Published on Tue Mar 07 2017

On the Limits of Learning Representations with Label-Based Supervision

Jiaming Song, Russell Stewart, Shengjia Zhao, Stefano Ermon

Advances in neural network based classifiers have transformed automatic feature learning from a pipe dream of stronger AI to a routine and expected property of practical systems. Will the representations learned from these generative methods ever rival the quality of those from their supervised competitors?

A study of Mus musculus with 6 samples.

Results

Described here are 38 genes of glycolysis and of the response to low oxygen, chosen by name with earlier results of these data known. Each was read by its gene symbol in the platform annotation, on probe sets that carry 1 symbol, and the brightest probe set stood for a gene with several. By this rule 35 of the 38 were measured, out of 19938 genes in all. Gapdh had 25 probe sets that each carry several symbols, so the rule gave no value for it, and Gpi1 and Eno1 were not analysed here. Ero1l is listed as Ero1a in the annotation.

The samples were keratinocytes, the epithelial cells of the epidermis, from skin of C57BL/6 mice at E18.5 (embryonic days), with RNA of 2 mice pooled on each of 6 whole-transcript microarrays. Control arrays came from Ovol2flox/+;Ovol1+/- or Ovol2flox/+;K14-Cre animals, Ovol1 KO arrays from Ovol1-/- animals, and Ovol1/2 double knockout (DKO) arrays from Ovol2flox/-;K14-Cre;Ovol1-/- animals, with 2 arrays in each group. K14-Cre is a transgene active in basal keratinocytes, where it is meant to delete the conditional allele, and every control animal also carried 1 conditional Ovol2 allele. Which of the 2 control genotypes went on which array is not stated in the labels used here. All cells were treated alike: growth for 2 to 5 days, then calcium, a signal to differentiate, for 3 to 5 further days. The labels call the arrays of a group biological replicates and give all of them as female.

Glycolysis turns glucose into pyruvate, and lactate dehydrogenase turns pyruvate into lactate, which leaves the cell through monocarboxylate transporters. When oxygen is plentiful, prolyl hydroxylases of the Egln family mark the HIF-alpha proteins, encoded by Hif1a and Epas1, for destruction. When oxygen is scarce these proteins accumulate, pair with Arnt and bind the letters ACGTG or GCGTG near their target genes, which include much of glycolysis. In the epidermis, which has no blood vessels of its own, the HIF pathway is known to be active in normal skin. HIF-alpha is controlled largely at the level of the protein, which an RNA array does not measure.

Advances in neural network based classifiers have transformed automatic feature learning from a pipe dream of stronger AI to a routine and expected property of practical systems. Since the emergence of AlexNet every winning submission of the ImageNet challenge has employed end-to-end representation learning, and due to the utility of good representations for transfer learning, representation learning has become as an important and distinct task from supervised learning. At present, this distinction is inconsequential, as supervised methods are state-of-the-art in learning transferable representations. But recent work has shown that generative models can also be powerful agents of representation learning. Will the representations learned from these generative methods ever rival the quality of those from their supervised competitors? In this work, we argue in the affirmative, that from an information theoretic perspective, generative models have greater potential for representation learning. Based on several experimentally validated assumptions, we show that supervised learning is upper bounded in its capacity for representation learning in ways that certain generative models, such as Generative Adversarial Networks (GANs) are not. We hope that our analysis will provide a rigorous motivation for further exploration of generative representation learning.